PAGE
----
I disagree, morally, ethically, and otherwise with the whole post-modernist construction that C*UUYAN through 25 Beacon Street calls anti-racism/anti-oppression.
Let's talk about anti-racism on this post specifically.
Yes, I know that as a person NOT of color I benefit more in certain circumstances than someone OF color.
I hasten to even use these terms because, as Rich Mackin points out, person of color as well as African-American are white guilt terms. In my humble opinion, it ought to be all one way or all another. I don't wish to be called a Caucasian, because it's technically not correct. A Caucasian is someone from the Caucus Mountain range in Europe--a place which likely I have not relatives or kin. I could be an English-American if I wish, as could probably half of the white population. I could be an Irish-American, as could probably more than half of the white population of the USA. I could be a Scotch/Irish-Irish-English-American, which is technically what I am--but that is quite a mouthful isn't it?
"White". "Black". Though technically incorrect, they do identify quite keenly. And in one syllable.
I tend to use black when I am referring to someone who is of African descent. And in all honesty, except for the black middle class, I see few uses of these white guilt terms amongst other Black folk. I often hear much ruder phrases instead that I will not repeat because I perceive of them, as do several in the community, as epithets rather than reclaimed terms of endearment.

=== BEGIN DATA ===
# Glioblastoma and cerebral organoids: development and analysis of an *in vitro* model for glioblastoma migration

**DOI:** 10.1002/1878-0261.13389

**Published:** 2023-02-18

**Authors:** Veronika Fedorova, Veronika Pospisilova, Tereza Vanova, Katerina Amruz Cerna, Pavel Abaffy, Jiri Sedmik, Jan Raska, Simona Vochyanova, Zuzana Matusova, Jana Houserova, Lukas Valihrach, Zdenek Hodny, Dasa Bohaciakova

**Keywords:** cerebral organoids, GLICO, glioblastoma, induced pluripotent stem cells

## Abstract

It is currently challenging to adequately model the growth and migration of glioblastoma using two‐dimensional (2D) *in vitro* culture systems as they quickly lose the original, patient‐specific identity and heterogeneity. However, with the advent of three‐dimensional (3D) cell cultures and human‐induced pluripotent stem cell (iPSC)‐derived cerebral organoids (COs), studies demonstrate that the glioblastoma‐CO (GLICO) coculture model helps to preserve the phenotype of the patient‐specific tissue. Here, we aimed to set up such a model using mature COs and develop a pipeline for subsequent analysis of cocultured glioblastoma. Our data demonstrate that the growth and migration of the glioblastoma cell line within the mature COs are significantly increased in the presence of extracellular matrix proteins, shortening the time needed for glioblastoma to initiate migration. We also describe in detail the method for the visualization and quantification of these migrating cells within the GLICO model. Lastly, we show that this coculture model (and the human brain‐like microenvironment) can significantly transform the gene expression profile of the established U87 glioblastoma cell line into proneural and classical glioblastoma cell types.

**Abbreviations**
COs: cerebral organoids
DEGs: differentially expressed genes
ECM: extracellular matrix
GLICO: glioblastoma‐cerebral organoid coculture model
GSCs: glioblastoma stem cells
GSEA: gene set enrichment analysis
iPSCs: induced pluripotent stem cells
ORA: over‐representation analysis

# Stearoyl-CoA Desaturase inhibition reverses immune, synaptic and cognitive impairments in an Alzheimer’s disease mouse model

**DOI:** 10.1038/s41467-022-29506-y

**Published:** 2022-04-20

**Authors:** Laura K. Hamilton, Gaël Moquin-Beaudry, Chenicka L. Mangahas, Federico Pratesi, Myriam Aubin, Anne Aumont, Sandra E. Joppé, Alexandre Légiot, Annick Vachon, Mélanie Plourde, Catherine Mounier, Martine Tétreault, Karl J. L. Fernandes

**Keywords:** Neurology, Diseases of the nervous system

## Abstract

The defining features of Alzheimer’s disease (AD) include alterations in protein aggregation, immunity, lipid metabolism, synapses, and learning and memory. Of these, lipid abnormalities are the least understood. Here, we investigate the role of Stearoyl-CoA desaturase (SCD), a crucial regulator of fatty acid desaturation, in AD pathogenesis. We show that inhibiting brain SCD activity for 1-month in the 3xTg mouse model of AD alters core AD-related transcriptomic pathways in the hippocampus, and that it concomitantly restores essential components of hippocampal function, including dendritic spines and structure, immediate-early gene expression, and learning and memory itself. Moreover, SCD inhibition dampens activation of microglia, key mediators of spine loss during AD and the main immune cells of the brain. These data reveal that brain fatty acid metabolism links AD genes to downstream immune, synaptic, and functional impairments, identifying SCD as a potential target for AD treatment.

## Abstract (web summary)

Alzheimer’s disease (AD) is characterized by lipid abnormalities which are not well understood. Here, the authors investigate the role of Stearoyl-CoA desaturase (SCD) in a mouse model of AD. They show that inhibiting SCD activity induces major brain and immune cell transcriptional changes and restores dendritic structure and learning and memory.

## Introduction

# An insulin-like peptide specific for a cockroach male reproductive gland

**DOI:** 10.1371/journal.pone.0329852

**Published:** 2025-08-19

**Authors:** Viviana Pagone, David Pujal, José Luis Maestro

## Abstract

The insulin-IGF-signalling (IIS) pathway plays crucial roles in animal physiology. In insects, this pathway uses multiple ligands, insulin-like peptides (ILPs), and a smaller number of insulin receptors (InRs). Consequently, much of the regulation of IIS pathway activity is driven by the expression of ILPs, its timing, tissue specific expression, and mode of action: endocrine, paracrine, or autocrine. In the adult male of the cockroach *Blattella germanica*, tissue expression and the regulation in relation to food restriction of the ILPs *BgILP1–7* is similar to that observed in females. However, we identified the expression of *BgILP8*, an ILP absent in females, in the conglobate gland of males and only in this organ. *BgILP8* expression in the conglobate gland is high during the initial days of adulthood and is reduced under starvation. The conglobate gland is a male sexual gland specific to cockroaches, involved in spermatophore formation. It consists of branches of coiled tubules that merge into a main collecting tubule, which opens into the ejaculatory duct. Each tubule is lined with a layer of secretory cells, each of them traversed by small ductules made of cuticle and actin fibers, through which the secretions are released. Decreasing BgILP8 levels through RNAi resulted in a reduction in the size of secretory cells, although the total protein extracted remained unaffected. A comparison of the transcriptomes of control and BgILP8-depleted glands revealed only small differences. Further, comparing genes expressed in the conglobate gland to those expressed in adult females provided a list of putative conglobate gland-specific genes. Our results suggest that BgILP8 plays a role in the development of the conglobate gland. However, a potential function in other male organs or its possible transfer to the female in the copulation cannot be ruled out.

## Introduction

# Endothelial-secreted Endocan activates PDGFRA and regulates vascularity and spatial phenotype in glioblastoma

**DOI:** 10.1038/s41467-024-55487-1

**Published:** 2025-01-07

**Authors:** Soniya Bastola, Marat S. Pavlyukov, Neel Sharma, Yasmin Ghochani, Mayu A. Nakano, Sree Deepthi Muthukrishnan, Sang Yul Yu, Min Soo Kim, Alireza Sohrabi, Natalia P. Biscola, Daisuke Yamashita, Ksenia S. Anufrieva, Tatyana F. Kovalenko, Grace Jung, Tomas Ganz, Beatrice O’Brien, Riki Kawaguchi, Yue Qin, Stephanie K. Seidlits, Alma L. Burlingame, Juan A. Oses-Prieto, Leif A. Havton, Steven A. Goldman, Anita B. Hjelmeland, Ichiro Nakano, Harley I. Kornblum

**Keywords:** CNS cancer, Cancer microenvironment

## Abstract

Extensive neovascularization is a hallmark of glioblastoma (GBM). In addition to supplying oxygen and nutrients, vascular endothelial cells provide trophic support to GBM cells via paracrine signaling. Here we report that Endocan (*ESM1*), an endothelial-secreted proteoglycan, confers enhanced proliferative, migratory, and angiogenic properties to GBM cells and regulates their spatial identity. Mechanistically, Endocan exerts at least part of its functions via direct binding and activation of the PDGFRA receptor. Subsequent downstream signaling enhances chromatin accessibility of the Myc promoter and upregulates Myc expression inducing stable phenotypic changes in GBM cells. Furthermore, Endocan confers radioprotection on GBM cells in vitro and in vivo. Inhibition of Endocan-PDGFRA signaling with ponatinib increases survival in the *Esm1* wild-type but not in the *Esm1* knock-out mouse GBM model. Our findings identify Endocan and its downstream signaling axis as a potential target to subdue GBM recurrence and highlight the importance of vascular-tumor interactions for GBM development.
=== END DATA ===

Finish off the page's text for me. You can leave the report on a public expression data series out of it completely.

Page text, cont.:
Let me pose the question: why rip the scab off of the racism that each of us holds inside ourselves? We are human, thus we are racist. We are human, thus we are homophobic. I know openly LGBT people who are homophobic. But does knowing the ways in which we are subconsciously lying to ourselves help us or hurt us in the long run?
I mean, anti-racism work, while well-intentioned, is kind of like this to me: it's like saying to every human being--you're flawed inherently, and here's why. We all have flaws because we are all human beings, but I think every person should come to his/her own conclusions.
I'm beginning to believe that every person must come to his/her own realization of whatever prejudices he/she may hold and that nothing I or anyone else says makes any difference at all. At best, all it does it foster guilt. At worst, it makes a person defensive and hold fast to conviction.
In my opinion, anti-racism work runs counter to what we think as Unitarians, which is thusly: a person has a right to his/her own way of belief. Anti-racism work is dogmatic in its own way: it says we're right and you're wrong. Whether we admit it or not, there is a dogmatic quality to Unitarianism. And I shy far away from anything dogmatic.
It was why I became a Unitarian in the first place. Dogmatic religions say: we think, so you don't have to.
I'd prefer thinking for myself, thank you.